WAILUKU - The controversy over Maui County Council candidate Sol Kaho'ohalahala's residency continues.
Maui County Clerk Roy Hiraga ruled earlier this month that Kaho'ohalahala was qualified to run as a resident of Lanai. Now Bruce Harvey, one of 12 Lanai residents who previously filed challenges to Kaho'ohalahala's residency, has appealed that decision. The case is scheduled to be heard Friday by the Maui Board of Registration in Wailuku.
The time and place of the hearing have not been announced.
Also this week, Kaho'ohalahala filed a petition with the Hawaii Supreme Court asking the court to vacate Hiraga's ruling and dismiss all the residency challenges, said attorney Lance Collins.
Since the challenges were filed after the Sept. 20 first special election, they are really challenges to the election results, and only the state Supreme Court has jurisdiction over that, Collins said.
Kaho'ohalahala called the appeal a waste of time.
"I don't know what else to say," he said. "People are just vindictive, I guess."
Harvey said anyone on Lanai would know Kaho'ohalahala was not a resident.
"I've been here nine years, and I've never seen him at the gas station," he said.
Kaho'ohalahala finished first in a five-way primary race for the Lanai seat on the council. Runner-up John Ornellas is his opponent in the Nov. 4 second special election.
Kaho'ohalahala, who was born on Lanai and has previously represented the island on the council and in the state Legislature, has said he considers himself a resident, but has acknowledged living in Lahaina with his wife.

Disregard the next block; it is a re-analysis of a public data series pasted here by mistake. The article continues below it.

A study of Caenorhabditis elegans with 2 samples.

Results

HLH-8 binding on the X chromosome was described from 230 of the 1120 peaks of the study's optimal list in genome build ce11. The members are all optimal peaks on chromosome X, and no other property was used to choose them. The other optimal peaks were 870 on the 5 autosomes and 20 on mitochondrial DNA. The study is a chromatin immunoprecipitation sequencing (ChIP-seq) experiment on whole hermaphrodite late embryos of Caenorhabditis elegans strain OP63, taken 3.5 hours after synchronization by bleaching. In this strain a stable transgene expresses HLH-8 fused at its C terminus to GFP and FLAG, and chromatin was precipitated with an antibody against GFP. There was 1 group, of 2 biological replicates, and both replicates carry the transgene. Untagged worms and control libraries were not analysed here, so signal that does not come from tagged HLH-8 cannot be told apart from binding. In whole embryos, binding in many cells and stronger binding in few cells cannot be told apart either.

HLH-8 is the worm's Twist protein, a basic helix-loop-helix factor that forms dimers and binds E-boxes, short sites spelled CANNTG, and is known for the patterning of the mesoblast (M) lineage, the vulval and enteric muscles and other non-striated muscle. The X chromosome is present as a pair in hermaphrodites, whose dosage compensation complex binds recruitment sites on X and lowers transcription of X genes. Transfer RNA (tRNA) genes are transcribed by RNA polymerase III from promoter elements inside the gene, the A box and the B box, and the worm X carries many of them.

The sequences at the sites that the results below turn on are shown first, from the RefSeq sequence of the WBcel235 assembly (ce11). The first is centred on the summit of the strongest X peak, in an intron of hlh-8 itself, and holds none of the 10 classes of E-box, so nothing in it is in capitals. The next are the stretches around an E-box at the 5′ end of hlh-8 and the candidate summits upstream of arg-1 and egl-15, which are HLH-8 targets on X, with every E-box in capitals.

He works as an instructor at Maui Community College, and previously headed the Kaho'olawe Island Reserve Commission.
In his ruling denying the challenges to Kaho'ohalahala's residency, Hiraga cited state law that says a person's "intention" to live in a home in the district determines whether they are a resident. He also noted that the law requires challenges to be filed before the first special election.
The appeal of the ruling keeps the issue alive even as walk-in absentee voting began Tuesday.
Harvey said he is not involved with Ornellas' campaign, but said Ornellas is a co-worker and that he has one of his campaign signs in his yard.
Harvey said he understood the ruling but believed the law was wrong.
"I believe this is the only way to bring this to people's attention," he said. "If this is the law, the law needs to be changed."
* Ilima Loomis can be reached at email@example.com.